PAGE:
Having a towed vehicle makes it MUCH easier to scout out boondocking spots. If the road looks even a little sketchy, we usually find a place to park the bus and scout with the truck. Having to back the bus out of a forest road is no picnic.



another advantage scouting the road does for you is that you can check out how hard it is to get back out. I hate it when it is easy going in and hard coming out, especially with hills and soft roads. Would be even worse for a bus.
4x2 your standard 2 wheel drive car, just nobody talks this way
6x2 would be your basic skoolie, 6 wheels, duallie in back, again nobody talk this way, but technically we should
4x4 4 wheels all 4 driven, your typical F250 and a few small busses on same chassis
6x6 typically army trucks with 3 axles, all driven and all single wheels dual axles in Back
8x8 the only one of these I’ve seen is an Argo which is an amphibious vehicle, off road pretty good on land and while it floats and can move on water it is doggedly slow like 3 mph.

8x2. Now most motor coaches have trailing non, powered single wheel axles and powered duallies, although you could call them 8x4 I suppose
18 wheelers or Semis or are in reality 18x4 as both rear axles are driven

I could go on, this is fun
4 x 2 meant 4 wheels, 2 driven. 4 x 4 meant 4 wheels, 4 wheels driven. Never heard it any other way. 4 x 6 would be tandom axles driven, front wheels not driven. 6 x6 would be tandom axle all wheel drive. Never had referance to tranny or gears.



" 4 x 6 would be tandom axles driven, front wheels not driven." Typo?
Originally Posted by Unpluggedone View Post
typically the “correct” jargon is as follows
4x2 your standard 2 wheel drive car, just nobody talks this way
6x2 would be your basic skoolie, 6 wheels, duallie in back, again nobody talk this way, but technically we should
4x4 4 wheels all 4 driven, your typical F250 and a few small busses on same chassis
6x6 typically army trucks with 3 axles, all driven and all single wheels dual axles in Back
8x8 the only one of these I’ve seen is an Argo which is an amphibious vehicle, off road pretty good on land and while it floats and can move on water it is doggedly slow like 3 mph.

8x2. Now most motor coaches have trailing non, powered single wheel axles and powered duallies, although you could call them 8x4 I suppose
18 wheelers or Semis or are in reality 18x4 as both rear axles are driven

I could go on, this is fun



"6x2 would be your basic skoolie, 6 wheels, duallie in back, again nobody talk this way, but technically we should" Typo?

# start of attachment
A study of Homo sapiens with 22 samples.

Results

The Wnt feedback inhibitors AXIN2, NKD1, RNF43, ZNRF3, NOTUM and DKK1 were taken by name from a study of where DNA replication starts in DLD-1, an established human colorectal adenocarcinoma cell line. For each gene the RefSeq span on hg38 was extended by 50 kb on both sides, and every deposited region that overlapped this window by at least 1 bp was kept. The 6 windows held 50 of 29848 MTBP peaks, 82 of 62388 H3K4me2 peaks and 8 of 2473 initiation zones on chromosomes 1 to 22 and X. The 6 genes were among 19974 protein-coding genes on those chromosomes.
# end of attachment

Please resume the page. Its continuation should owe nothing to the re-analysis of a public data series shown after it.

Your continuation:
Originally Posted by maloiselle View Post
4x4 buses are out there. I've found one and will be doing a build soon for my retirement offroad travels. Mine is currently on 44 inch military tires.
OK, that rig is a head turner! Just tryin to imagine grades 1 to 3 crawling in there on a rope ladder is worth a chuckle.
Watcha gonna tow it with?
Originally Posted by Brian S View Post
There is a 2002 Thomas factory built 4wd bus for sale on craigslist in Kalispell MT for $15,000.00.
https://kalispell.craigslist.org/rvs...967220539.html

I want it......
Originally Posted by Ronnie View Post
The old army duece and a half I have always heard it called a 6X6. although they had duals on both rear axles. Maybe not correct but just what most say.

I thought that they had tandem rear axles with single rear wheels. On the other hand I think that there may be a 2.5 ton and 5 ton version.
Originally Posted by Free Bird View Post
OK, that rig is a head turner! Just tryin to imagine grades 1 to 3 crawling in there on a rope ladder is worth a chuckle.
Watcha gonna tow it with?
Quote:
Originally Posted by Gustav View Post
It's not the number of wheels, but the number of wheel positions on the vehicle. some positions may have two wheels. 6 wheel positions that are all driven equals a 6X6.
Correct, even though it may have 10 wheels.
Originally Posted by TheRollingBones View Post
Has anyone ever seen a 10x10 Lifted Coach built for off road/boondocking? I don't mean a rock climber or mud-buggy- that would be stupid. Just a RV motor coach equipped to go down BLM and national forest dirt roads. I look forward to your reply.

Papa Bone.
Worked in the woods when younger & we used a 20 passenger bus as a Crumy it was surprising the places it could go in/out of.